Ocean Scientists' Work Screened by Public Relations Staff

For Immediate Release

Contact: 

Kirsten Stade (202) 265-7337
Email: info@peer.org

Ocean Scientists' Work Screened by Public Relations Staff

All Outside Communication Monitored Contrary to New Scientific Openness Pledge

WASHINGTON - The federal agency overseeing offshore
drilling now requires all presentations by scientists to be vetted by
headquarters public relations staff, according to documents released
today by Public Employees for Environmental Responsibility (PEER).  This
new political filter on science appears to fly in the face of Interior
Secretary Ken Salazar’s recent scientific openness and integrity policy.

The November 2, 2010 directive from Bureau of Ocean Energy Management, Regulation & Enforcement
(BOEMRE, a successor to the former Minerals Management Service or MMS) declares:

“From this morning’s Director’s Weekly Managers Videcon: All
outside/public presentations, be they speeches, Powerpoints [sic],
technical or other, etc., must be forwarded to HQ Office of Public
Affairs for approval...Please submit requests with sufficient time for
approval.”

Agency scientists must fill out a form for
“Approval of Official Expression by Oral Presentation” but it is not
explained by what standards the Office of Public Affairs approves or
blocks technical papers.  In addition, under a policy instituted by the
agency’s Alaska office on August 19, 2010, “All forwarding (sharing) of
e-mail records outside of the Bureau must include a ‘cc’ to first and
second line supervisors.”

“These controls are transparent efforts to chill free exchange of
scientific information and debate.  They serve no legitimate management
purpose,” stated PEER Executive Director Jeff Ruch, noting that these
policies come from BOEMRE Director Michael Bromwich who has exhibited a
surprisingly thin-skinned management style, such as repeatedly invoking
the need to hunt down “leakers” in meetings with employees. “Why are
taxpayers paying flaks to edit papers on the mating habits of walruses?”

The Alaska office of MMS had become notorious for suppressing scientific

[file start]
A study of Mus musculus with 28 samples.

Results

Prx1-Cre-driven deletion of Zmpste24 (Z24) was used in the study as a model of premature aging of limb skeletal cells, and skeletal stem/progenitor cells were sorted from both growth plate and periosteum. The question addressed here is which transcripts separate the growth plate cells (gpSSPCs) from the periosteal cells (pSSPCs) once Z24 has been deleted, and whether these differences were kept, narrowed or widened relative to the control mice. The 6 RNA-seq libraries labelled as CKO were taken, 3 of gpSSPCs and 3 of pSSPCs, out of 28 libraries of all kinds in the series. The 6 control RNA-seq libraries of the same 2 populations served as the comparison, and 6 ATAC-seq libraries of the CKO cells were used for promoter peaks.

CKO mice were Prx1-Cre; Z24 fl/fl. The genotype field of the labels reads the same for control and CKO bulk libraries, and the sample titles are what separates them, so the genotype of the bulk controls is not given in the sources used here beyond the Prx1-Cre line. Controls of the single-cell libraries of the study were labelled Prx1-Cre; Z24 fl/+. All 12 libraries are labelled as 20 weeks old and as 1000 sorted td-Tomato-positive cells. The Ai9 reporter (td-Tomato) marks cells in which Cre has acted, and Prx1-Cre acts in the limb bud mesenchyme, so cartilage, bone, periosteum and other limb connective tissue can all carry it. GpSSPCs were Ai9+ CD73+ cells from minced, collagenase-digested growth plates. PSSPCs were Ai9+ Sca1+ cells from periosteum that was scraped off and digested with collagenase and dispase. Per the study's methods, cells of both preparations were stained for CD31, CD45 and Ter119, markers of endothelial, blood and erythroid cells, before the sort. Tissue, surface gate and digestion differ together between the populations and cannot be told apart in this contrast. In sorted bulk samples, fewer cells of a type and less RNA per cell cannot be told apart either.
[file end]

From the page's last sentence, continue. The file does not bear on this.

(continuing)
and technical reviews, according to a Government Accountability Office
report issued earlier this year.  In late September, Interior Secretary
Salazar imposed a broad order on scientific integrity and transparency
which provides:

“…DOI [Department of Interior] employees, political and career, must
never suppress or alter, without new scientific or technological
evidence, scientific or technological findings or conclusions.  Further,
employees will not be coerced to alter or censure scientific
findings…” 

The actions by BOEMRE, however, seem to
violate the letter and certainly the spirit of this order.  PEER today
sent Secretary Salazar a letter asking him to rescind these new BOEMRE
strictures and take disciplinary action against or remove Director
Bromwich.

“If Secretary Salazar’s vow that he ‘will not tolerate’ interference
with agency scientists is to be taken seriously then he cannot ignore
what Mr. Bromwich is doing,” added Ruch, pointing out that Shell and
other companies are now redoubling their efforts to win leases and
permits from BOEMRE for drilling in Arctic waters. “This agency should
be concentrating on preventing the next BP blowout, not spying on its
scientists.  It is hard to do effective oversight from inside a bunker.”

In contrast to the tightened reins on agency science by BOEMRE, another
scandal-plagued Interior agency, the U.S. Fish & Wildlife Service,
has completely eliminated any “policy review” prior to the dissemination
or publication of scientific work by its specialists.